In future all company leaders will have to be proficient in big data. I put data familiarity in the top six habits that leaders need to form. Leaders at every level need to be deeply and continuously informed so that they can build strong, diverse strategic options for their companies.
Examples abound – even in the case of killer products like the iPad, the art of leadership lies in knowing how to do great product upgrades, annually or even more often, on the back of data about new use cases and user needs. Big data, then, is not only a big computing challenge. It is a personal development requirement. How ready are we?
You might argue that sorting data is a functional responsibility. True in one sense. But on the other hand hand, only good leaders are going to ask the right questions of data. Data needs leadership insights.
To date, I sense, the big data movement has not yet created adequate awareness of this. Data, right now, is one of those all-things-are-possible memes, even though the skills to use big data are in extremely short supply (and it is not even close to management facility). Unless the big data vendors can make big data usable by leaders, who have dozens of other simultaneous learning requirements, then it will wither as one more fad. In fact big data has to be usable by people like me, people who don’t actually want to create long search queries, who don’t want to know Hadoop and couldn’t care less about NoSQL.
Data systems like P&Gs, and no doubt at Apple, that allow senior leaders to plot the company’s product refresh, marketing positioning and critical supply choices from the real time dashboard, I would wager are very usable.
I spent an afternoon earlier this week at the offices of Rosslyn Analytics a small London-based supplier of big data analytics, trying to get my head around what big data actually means and how people like me can master it. I’m not a big data writer but it’s obvious when you read what companies like P&G are doing, that you cannot be interested in the future of the enterprise without also being fascinated by the role of data-driven decision making. When Nick Vitalari and I wrote about Apple recently in The Elastic Enterprise we were also equally struck by the way that the business ecosystem becomes a vast funnel of data for Apple. The social business, in fact, is a data funnel.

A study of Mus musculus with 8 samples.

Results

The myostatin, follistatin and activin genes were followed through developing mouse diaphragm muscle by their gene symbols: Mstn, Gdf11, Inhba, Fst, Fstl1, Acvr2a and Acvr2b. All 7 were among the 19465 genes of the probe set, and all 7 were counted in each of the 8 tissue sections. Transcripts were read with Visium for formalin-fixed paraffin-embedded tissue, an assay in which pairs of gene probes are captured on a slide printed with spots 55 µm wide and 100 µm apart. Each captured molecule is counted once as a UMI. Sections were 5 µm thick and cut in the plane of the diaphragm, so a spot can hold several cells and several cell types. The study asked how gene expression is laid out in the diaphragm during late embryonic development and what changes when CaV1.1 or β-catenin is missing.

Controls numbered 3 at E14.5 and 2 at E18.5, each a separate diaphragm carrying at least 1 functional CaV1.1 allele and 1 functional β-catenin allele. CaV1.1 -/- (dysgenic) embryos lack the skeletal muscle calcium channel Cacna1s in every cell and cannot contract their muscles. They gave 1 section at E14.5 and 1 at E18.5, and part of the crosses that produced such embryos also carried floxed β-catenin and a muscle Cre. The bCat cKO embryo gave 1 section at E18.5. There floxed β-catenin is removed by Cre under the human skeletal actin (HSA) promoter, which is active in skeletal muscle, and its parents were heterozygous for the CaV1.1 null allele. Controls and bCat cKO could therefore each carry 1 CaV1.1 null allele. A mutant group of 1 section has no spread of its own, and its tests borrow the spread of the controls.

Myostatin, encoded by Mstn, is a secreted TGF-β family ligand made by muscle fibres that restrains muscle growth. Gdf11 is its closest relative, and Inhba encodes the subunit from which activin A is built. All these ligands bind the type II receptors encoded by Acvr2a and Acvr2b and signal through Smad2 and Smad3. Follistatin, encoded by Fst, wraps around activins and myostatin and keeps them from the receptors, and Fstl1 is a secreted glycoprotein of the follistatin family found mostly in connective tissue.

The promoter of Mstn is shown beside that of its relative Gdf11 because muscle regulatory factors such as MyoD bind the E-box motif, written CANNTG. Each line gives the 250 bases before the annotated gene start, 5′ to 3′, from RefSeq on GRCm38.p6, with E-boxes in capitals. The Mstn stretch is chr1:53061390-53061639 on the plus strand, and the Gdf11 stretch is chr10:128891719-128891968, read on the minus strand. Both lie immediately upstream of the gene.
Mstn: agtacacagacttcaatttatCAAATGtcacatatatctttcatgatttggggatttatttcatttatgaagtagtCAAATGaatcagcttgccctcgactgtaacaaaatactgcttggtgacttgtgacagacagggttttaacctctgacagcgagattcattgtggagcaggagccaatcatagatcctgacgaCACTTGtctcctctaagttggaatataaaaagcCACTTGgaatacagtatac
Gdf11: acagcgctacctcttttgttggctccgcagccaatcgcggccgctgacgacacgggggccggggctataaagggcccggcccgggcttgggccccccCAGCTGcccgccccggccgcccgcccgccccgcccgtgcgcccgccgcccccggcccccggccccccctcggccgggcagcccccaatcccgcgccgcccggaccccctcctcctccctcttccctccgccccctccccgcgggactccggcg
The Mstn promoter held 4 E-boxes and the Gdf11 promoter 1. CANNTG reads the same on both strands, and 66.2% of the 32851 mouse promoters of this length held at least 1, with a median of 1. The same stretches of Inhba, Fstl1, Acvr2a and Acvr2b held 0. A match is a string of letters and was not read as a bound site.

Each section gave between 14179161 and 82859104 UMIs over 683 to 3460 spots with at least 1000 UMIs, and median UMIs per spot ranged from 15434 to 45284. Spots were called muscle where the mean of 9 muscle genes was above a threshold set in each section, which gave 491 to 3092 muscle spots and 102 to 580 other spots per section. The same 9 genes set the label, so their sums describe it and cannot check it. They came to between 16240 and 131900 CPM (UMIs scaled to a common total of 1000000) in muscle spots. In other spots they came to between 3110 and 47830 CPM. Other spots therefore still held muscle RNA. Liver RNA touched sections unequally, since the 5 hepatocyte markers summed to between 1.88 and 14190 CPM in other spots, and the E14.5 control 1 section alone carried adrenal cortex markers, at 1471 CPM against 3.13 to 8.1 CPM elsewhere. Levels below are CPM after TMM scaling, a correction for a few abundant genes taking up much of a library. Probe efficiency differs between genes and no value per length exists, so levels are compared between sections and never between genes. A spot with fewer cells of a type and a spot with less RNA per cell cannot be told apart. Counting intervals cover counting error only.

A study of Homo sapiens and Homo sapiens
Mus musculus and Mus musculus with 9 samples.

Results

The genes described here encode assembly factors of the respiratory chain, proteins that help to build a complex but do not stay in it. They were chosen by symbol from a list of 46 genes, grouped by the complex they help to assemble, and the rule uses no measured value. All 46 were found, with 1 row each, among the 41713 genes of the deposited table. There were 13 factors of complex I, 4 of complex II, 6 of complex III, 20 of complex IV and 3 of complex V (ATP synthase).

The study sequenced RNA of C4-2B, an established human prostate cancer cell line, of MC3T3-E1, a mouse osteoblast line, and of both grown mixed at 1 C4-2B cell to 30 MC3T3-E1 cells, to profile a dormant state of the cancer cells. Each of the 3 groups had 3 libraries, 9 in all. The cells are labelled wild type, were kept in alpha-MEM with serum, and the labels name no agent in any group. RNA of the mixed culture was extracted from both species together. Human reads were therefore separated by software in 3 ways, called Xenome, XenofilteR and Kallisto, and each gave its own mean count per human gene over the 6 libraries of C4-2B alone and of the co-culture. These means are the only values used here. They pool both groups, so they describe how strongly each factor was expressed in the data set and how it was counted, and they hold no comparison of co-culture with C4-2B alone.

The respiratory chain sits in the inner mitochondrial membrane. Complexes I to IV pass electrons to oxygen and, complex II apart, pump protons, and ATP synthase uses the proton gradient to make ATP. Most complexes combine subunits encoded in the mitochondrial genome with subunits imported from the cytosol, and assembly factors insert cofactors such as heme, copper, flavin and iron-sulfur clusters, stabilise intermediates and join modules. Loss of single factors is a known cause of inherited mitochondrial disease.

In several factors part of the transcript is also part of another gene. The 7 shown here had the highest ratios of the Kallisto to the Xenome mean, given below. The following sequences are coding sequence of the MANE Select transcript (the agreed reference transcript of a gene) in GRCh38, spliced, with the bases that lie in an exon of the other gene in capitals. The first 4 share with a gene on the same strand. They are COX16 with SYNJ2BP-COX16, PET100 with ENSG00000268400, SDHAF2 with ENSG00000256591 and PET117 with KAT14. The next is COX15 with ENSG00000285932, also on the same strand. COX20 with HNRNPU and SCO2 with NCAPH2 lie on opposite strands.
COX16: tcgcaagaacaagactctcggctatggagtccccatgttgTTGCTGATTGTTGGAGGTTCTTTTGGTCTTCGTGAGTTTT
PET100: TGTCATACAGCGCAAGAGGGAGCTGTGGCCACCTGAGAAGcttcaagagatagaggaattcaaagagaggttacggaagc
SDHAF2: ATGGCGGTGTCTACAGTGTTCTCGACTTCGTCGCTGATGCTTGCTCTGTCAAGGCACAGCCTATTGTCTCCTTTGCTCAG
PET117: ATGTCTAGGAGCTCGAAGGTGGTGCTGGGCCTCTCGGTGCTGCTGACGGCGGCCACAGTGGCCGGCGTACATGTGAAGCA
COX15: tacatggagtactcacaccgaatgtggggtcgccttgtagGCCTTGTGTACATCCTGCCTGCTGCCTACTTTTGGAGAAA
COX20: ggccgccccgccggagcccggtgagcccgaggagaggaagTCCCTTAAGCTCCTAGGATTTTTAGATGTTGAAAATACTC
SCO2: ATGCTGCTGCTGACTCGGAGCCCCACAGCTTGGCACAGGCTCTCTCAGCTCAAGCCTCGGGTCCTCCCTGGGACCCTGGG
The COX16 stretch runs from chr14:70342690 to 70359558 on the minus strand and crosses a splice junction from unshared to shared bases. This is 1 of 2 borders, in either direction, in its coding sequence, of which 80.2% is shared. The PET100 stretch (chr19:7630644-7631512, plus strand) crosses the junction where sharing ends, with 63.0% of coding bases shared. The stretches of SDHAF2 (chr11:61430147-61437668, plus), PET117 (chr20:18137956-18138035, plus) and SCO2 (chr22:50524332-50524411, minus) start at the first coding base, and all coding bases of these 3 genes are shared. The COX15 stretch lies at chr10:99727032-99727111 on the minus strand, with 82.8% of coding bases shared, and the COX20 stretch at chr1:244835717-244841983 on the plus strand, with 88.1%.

Rosslyn Analytics are one of several companies hoping to provide a platform that integrates all of a company’s data requirements in one dashboard. In their case the data sources are internal and external, and the holy grail is successfully combining those. So the data elements are: the corporate ERP systems, with the silos broken down, proprietary external data warehouses, like those from Experian, and the World Wide Web.
Rosslyn’s platform combines these but they also have an apps marketplace for third party providers to build new data applications, or use-cases, that customers can then pick and choose from.
So that is Rosslyn. What did I learn?
Tip #1. The big future for big data appears to be in behavioural data. But I’m not massively sold on this idea. Where Rosslyn are making waves is in the re-use (or socialising) of ERP data along with proprietary data (with a dash of the web thrown into the mix).